In today’s world, protests have become one of the largest forms of fighting for a cause. Perhaps inspired buy the successes of protesters such as Ghandi and Martin Luther King Jr., both of whom preached peaceful civil disobedience, today’s activists often refer/revert to protesting as a way of not only acting towards what they believe in, but also gaining publicity and often times support for their cause.
Furthermore, Martin Luther King Jr. understood that protests unify people otherwise geographically separated. He explained this in his Letter From Birmingham Jail. By nature, protests bring together people with similar opinions and values. On a national scale, it often happens that a protest in one city gains support in others and the protest expands beyond the boundaries of city and state limits. It happens all the time! In 200_ the Occupy movement, which originated as a couple hundred people protesting income inequality on Wall Street, saw continued and feverish support in large cities across America ranging from Boston to Seattle. In fact, the state with the largest amount of Occupy movements was California- the state arguably the farthest from the origin (New York City). But what started as Occupy Wall Street, soon became a world-wide phenomenon, with protests in cities all across the world!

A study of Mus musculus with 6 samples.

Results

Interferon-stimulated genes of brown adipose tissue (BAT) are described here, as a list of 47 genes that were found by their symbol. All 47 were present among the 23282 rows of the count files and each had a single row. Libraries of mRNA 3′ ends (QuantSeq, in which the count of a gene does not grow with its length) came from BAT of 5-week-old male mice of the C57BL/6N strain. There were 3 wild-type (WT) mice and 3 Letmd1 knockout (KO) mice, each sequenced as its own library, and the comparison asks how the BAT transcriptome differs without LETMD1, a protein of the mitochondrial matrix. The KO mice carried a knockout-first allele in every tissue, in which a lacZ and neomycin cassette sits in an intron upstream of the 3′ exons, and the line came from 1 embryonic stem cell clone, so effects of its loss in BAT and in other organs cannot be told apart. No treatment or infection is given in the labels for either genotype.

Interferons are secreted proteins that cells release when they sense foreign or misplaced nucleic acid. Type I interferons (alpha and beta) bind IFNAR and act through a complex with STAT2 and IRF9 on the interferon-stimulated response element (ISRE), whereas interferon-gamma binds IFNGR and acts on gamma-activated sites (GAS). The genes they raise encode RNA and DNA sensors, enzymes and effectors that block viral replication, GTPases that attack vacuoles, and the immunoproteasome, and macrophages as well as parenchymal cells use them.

The Occupy protests were mostly successful in remaining passive and non-violent, like the American father of peaceful civil disobedience- Martin Luther King Jr.- would have wanted and been proud of. However, with Ferguson in the news, it’s hard to ignore the potential violence that protests can elicit. Protests turned riots like Ferguson call into question the very nature of protests, their values, and the validity of their cause. Does the violence violate the sanctity of the protests? Does the violence defeat or overshadow their purpose and their cause? Is this violence the undoing of peaceful protests in America that were made successful by Martin Luther King Jr.?
The simple answer: No.
To answer the questions, I believe you have to understand the nature of the violence. Why do peaceful protests turn violent? It happens because of fear. Protests are by definition large crowds full of people who believe in something so passionately that they are moved to act. In large crowds full of such emotion and tensions, it is easy for a spark of fear to erupt into a fire of violence. Little disturbances on the side of any party cause mass panic, and panic can often lead people to run to violence. If anything, our readiness as a nation to turn to protesting is something to be proud of. Martin Luther King Jr. would be proud that we are a nation which in the face of injustice unifies through peaceful protests rather than blindly turning to violence and revolution.